Taking in Some Arctic Air



The Arctic Boreal and Vulnerability Experiment (ABoVE) covers 2.5 million square miles of tundra, forests, permafrost and lakes in Alaska and Northwestern Canada. ABoVE scientists are using satellites and aircraft to study this formidable terrain as it changes in a warming climate.

In some ways, NASA’s DC-8 feels like a commercial airplane, with its blue leather seats and tiny bathrooms in the back. But once the plane starts to spiral down over Arctic towns, I remember I’m riding on a flying laboratory studying the amount and distribution of carbon dioxide and methane in the atmosphere.

Over the course of these big, looping spirals, the plane descends from a cruising altitude of about 30,000 feet down to just about 100 feet above the ground. The pilots fly us over the runway, as though we’re about to land, before pulling up at the last minute and returning to the sky, a maneuver known as a “missed approach.”

The DC-8 crew take turns flying out from Fairbanks, Alaska. Credit: NASA/Katy Mersmann

The whole process of spiraling down is a little scary the first few times we do it, but it’s necessary as an accuracy check for our science instruments, and by the third or fourth spiral down, it’s become a somewhat routine experience for me.

From the windows, I get a good look at the varied Arctic landscapes—twisting, braided rivers, carpets of spruce trees, and broad expanses of flat tundra all spread out underneath us. Each of those landscapes offers interesting scientific insights into how carbon emissions are changing as the climate warms.

As the DC-8 flies low over McGrath, Alaska, a tableau appears of spruce trees lining the Kuskokwim River. Spruce trees are native to the Arctic forest regions, but after frequent wildfires, some have been replaced by deciduous plants. Credit: NASA/Katy Mersmann

The plane is carrying five instruments designed to measure the spatial distribution of carbon dioxide from the air. They’re placed along the plane in place of some the seats and are operated by scientists monitoring screens mounted on their sides.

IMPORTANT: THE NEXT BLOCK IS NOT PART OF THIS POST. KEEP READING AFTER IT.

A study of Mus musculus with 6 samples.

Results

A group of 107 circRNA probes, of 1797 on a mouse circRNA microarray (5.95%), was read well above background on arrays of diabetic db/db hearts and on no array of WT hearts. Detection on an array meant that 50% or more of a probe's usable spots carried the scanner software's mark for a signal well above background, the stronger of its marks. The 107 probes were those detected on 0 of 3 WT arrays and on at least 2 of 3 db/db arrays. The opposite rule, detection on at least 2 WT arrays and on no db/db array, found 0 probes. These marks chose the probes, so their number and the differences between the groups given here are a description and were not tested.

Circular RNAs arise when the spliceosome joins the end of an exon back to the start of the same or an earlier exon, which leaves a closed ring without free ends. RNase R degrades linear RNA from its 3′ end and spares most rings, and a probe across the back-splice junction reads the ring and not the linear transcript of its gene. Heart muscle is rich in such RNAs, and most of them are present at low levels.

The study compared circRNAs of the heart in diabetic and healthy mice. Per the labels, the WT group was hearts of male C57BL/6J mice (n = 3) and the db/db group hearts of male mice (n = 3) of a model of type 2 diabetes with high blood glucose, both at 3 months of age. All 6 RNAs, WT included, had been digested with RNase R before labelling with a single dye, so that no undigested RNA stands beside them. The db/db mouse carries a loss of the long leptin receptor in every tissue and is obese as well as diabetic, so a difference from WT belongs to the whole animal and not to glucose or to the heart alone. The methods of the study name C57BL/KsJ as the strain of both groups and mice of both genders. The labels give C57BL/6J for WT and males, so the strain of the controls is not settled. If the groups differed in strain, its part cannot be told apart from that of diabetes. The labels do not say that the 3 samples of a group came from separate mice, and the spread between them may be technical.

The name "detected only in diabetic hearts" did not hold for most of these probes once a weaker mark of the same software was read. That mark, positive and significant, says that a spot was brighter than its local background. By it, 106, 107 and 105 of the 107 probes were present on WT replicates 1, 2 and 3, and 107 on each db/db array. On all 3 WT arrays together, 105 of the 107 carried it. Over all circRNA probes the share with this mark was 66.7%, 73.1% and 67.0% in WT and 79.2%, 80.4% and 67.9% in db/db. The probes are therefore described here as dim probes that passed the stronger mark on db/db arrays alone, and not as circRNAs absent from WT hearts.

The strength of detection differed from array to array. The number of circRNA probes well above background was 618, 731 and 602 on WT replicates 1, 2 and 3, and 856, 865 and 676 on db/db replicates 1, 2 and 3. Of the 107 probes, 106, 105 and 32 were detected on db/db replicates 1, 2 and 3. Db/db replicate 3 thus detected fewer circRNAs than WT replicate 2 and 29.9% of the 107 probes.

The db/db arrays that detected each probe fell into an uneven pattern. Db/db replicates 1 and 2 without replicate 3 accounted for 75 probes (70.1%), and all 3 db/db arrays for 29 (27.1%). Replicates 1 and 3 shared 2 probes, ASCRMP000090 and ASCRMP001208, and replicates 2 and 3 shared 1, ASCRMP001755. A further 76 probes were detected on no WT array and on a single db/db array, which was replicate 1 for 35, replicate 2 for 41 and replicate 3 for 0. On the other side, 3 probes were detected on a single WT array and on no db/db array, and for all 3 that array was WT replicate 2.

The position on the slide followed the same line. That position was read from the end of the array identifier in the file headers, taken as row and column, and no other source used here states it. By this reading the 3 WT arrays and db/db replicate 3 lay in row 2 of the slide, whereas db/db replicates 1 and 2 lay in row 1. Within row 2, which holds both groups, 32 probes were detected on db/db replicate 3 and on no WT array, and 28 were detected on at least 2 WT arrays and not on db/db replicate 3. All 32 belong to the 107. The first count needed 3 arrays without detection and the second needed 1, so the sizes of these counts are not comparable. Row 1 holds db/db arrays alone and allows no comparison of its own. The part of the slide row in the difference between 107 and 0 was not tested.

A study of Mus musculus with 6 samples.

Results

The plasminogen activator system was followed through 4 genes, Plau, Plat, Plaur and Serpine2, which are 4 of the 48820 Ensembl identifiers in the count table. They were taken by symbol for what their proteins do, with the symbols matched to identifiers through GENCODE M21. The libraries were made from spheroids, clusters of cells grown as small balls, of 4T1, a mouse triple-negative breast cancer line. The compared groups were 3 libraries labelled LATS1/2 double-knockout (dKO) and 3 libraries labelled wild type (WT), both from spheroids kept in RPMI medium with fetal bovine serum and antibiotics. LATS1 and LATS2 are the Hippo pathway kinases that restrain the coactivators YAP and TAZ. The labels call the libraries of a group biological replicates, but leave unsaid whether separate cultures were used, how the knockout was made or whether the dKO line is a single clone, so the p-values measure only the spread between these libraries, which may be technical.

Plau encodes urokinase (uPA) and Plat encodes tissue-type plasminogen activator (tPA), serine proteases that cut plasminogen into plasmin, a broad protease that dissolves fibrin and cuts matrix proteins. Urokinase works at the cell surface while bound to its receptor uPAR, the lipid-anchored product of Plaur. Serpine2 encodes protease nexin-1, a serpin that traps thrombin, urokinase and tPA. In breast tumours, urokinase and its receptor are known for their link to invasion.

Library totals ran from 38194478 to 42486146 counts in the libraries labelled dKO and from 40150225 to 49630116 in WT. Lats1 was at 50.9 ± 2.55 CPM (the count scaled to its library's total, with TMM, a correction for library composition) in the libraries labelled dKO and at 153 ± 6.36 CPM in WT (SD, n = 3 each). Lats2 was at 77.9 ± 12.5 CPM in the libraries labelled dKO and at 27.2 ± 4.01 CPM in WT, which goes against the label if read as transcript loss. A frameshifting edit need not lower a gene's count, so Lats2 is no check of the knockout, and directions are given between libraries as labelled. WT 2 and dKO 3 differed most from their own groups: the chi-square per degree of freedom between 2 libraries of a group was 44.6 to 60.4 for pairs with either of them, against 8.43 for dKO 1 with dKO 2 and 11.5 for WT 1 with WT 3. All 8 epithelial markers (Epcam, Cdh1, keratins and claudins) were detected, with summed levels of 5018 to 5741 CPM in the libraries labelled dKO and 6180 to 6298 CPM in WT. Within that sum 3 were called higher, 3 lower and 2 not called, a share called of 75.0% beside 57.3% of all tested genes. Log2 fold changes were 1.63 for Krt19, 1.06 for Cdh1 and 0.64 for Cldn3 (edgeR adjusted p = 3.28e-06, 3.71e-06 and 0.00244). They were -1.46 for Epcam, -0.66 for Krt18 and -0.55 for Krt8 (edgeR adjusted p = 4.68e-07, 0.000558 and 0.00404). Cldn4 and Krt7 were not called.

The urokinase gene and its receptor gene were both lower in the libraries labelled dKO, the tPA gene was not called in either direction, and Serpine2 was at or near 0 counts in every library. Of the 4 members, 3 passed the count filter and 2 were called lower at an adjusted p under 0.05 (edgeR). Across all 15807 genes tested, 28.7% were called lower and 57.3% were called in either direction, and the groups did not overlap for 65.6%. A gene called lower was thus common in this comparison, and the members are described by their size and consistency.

Someday, a descendent of these instruments will fly on the Active Sensing of Carbon dioxide Emissions over Nights, Days and Seasons, or ASCENDS, satellite, and the spiraling helps the researchers verify their measurements by flying right through the columns of air they’re studying from far above.

Jim Abshire is the project lead for the ASCENDS campaign. He sits near the front of the plane, plugged into the communications system and periodically checking with each instrument’s operators, making sure everything is running smoothly and requesting the occasional altitude change from the plane’s navigators.

He describes the spiral down maneuvers as a check on the lidar measurement systems, specifically ensuring that the instruments are sensitive enough to make precise measurements from space.

As Earth’s climate continues to warm, the Arctic warms much faster, and the subsequent changes in the Arctic regions are resulting in some soils releasing more carbon. More carbon in the atmosphere traps heat, causing more warming, which in turn causes the Arctic soils to release even more carbon, a process called the carbon-climate feedback.

Understanding this vicious cycle is one of the primary goals of the Arctic Boreal Vulnerability Experiment (ABoVE), a NASA campaign that includes the ASCENDS flights, as well as many other experiments, all designed to better understand how the rapid environmental change in the Arctic regions of the world impact ecosystems and society.